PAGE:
Induced seismicity is seismicity caused by human activity. It has been associated with several industrial practices such as dam building, mining and hydraulic fracturing.
The energy released by hydraulic fracturing or injections into wells can trigger movement along existing fault lines, leading to induced seismic events. An induced seismicity event linked with hydraulic fracturing is usually considered a micro-seismic event, which means it registers with a magnitude of less than 3 on the Richter Scale. This magnitude is rarely noticed and the risk of damage or injury is very low.
In Alberta and British Columbia, energy companies must follow strict regulations aimed at reducing the risk of induced seismicity related to their operations.
Managing Induced Seismicity
As an operator in the Kaybob Duvernay area, Chevron Canada complies with all government regulations and meets or exceeds industry best practices.
- We perform subsurface studies to address the seismic risks associated with our operations. This includes geo-mechanical modeling and design of our fracturing treatments to ensure the fracture growth is confined to our target zone.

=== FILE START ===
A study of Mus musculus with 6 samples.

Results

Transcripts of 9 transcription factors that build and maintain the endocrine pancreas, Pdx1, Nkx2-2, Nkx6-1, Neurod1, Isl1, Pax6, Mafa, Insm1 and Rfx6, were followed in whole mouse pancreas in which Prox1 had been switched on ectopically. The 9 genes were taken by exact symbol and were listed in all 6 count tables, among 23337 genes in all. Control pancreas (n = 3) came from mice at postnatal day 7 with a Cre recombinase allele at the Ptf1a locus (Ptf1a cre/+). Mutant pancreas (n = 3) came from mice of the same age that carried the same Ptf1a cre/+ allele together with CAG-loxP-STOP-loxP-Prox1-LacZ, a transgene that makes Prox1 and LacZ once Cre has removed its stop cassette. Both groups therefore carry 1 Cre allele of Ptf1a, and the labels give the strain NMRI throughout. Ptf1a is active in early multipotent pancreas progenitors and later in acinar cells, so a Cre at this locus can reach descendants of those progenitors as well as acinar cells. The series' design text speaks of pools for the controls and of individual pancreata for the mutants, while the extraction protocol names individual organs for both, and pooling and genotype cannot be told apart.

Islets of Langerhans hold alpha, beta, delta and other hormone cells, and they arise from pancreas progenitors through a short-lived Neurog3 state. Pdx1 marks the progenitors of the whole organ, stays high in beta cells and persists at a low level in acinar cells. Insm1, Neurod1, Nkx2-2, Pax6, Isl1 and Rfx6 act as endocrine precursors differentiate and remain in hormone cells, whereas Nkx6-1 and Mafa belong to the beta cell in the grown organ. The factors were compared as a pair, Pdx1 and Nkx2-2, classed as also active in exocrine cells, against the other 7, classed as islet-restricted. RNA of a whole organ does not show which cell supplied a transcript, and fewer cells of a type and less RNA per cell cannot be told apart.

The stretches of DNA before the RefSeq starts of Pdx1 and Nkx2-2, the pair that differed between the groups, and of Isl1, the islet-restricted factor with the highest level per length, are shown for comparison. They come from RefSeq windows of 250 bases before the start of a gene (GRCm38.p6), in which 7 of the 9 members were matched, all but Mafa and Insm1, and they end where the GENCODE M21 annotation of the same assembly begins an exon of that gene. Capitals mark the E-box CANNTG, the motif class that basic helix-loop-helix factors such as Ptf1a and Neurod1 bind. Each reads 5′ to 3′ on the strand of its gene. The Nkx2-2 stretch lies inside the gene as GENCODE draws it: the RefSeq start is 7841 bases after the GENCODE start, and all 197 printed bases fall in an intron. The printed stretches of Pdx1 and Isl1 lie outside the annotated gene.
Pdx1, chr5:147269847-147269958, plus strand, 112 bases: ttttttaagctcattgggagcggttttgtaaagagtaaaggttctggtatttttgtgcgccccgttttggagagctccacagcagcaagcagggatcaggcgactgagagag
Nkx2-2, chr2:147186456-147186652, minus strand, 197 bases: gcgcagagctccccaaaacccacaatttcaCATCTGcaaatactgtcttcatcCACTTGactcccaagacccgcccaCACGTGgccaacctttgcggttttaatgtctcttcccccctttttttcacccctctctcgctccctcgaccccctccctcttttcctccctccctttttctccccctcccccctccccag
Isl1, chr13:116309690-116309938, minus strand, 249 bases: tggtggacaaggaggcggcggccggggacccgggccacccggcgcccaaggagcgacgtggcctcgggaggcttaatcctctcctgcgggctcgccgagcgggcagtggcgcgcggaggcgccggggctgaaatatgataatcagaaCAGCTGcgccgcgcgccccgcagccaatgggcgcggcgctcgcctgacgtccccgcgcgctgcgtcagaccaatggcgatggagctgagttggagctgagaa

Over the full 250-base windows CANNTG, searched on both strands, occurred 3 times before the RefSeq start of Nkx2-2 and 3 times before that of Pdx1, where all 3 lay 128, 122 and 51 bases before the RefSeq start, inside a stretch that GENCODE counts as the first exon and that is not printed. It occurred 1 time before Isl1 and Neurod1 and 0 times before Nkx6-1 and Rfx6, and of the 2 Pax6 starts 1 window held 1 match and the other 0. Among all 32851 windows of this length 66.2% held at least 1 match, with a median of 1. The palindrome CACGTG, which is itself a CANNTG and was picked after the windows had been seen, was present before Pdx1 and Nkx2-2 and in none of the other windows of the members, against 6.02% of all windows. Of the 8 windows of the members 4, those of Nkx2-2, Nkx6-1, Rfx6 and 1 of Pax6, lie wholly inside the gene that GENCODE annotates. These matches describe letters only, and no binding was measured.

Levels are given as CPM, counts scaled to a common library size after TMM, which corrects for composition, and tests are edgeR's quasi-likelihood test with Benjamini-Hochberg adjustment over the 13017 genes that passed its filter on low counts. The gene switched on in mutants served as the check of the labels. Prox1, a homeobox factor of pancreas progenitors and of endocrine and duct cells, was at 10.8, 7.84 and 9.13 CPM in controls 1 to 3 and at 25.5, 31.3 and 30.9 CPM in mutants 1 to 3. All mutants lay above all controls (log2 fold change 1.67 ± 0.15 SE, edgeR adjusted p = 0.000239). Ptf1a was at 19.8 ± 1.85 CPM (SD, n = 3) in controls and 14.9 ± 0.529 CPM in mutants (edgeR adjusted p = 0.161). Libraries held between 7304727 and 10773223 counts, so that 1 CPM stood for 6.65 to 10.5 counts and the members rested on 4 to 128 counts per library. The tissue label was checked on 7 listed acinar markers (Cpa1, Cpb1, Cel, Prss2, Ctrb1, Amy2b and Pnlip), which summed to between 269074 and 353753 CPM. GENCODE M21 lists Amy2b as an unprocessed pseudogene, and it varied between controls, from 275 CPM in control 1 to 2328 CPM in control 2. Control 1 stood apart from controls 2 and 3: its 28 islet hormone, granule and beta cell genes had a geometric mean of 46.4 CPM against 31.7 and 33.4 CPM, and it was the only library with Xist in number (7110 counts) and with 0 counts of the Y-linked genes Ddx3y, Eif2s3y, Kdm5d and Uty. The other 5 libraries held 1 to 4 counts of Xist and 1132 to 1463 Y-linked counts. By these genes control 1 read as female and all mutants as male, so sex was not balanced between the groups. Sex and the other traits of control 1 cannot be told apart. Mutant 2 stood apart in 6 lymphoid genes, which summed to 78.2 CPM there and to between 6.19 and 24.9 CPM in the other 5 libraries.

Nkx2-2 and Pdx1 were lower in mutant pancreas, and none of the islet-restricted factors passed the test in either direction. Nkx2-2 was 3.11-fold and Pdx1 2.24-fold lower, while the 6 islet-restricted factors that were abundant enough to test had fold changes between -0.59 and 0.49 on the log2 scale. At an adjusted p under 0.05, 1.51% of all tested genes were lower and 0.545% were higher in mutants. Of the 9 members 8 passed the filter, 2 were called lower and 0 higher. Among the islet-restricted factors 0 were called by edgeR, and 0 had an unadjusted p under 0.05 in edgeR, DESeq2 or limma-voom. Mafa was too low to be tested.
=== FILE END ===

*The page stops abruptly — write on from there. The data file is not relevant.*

- We complete a detailed risk assessment and submit a response plan to the Alberta Energy Regulator for use if a seismic event were to occur.
- We use seismic monitoring equipment to monitor for induced seismicity during hydraulic fracturing operations.
- We follow the Alberta Energy Regulator’s traffic light system to mitigate risks.
Supporting Canadian Research on Seismicity and Hydraulic Fracturing
Chevron Canada supports independent, science-based research and shares our data with the academic community.
Current Canadian research into the links between seismicity and hydraulic fracturing is growing. All of the studies indicate that the risk of hydraulic fracturing causing a seismic event that can be felt on the surface is low and that events greater than a magnitude of three are rare.